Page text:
The crowded Democratic presidential candidate field has defined much of the 2020 election cycle, including the size of the primary debates, with the October debate featuring a historic 12 candidates on a single stage. In fact, up to this point, no debate has had fewer than 10 participants. But that looks likely to change today as it’s the last day candidates can qualify for the Dec. 19 debate, and at this point, only seven candidates have qualified.
It’s possible another poll could drop today — any poll released before midnight by a qualifying pollster counts — that gives Rep. Tulsi Gabbard the last poll she needs to qualify (although she has said she won’t participate). But it seems likely that tech entrepreneur Andrew Yang will be the last candidate to have made the cut, having just earned his last qualifying poll on Tuesday.
Seven candidates have made the December debate
Democratic presidential candidates* by whether and how they have qualified for the sixth primary debate, as of Dec. 12
|NO. OF QUALIFYING POLLS||MET THRESHOLD FOR …|
|CANDIDATE||≥ 4%||EARLY STATE ≥6%||POLLS||200K+ DONORS||QUALIFIED|
Remember, to qualify candidates must earn 4 percent support in at least four national or early-state polls or 6 percent support in at least two early-state polls from qualifying polling organizations.1 Candidates must also meet the fundraising requirements of 200,000 unique donors (including at least 800 donors in at least 20 states or territories).2
Excluding Yang and billionaire activist Tom Steyer, who qualified last Tuesday after reaching the donor threshold (he got his fourth poll on Nov. 18), the other five candidates all qualified with time to spare. (Former Vice President Joe Biden, Sens. Bernie Sanders and Elizabeth Warren all qualified on Oct. 24 after the release of the first four qualifying December debate polls, followed by South Bend, Indiana, Mayor Pete Buttigieg on Oct. 29 and Sen. Amy Klobuchar on Nov. 6.)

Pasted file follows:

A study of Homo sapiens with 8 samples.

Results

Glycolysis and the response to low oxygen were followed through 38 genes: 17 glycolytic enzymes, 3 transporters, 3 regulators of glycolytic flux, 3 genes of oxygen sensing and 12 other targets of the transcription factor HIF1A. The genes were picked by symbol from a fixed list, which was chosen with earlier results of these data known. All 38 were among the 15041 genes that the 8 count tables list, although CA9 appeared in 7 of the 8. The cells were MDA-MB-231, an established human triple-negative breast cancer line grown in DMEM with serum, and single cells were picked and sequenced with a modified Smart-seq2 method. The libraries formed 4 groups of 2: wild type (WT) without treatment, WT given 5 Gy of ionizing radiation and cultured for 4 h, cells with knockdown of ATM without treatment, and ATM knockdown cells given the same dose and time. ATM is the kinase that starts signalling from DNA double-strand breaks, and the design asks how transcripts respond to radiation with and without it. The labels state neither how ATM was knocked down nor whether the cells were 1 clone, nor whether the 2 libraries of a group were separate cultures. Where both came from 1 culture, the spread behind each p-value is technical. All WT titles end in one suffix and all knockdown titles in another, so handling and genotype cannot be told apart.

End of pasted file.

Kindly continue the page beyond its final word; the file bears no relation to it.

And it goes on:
But, of course, the debate stage would have been more crowded had Sen. Kamala Harris not dropped out as she’d already qualified for the debate on Nov. 3. In the wake of her exit, Sen. Cory Booker and former Secretary of Housing and Urban Development Julián Castro have criticized the debate field for being too white, but while both ended up meeting the donor threshold, neither has received a single qualifying poll. As things stand, Yang will likely be the only nonwhite debater on next week’s stage.
We’ll have to wait and see whether any of the campaigns that missed out decide that they can’t keep going without the debate limelight. The DNC’s qualification rules have played a part in winnowing during this cycle, and they may affect things once again. Either way, the December debate looks to be a much cozier affair.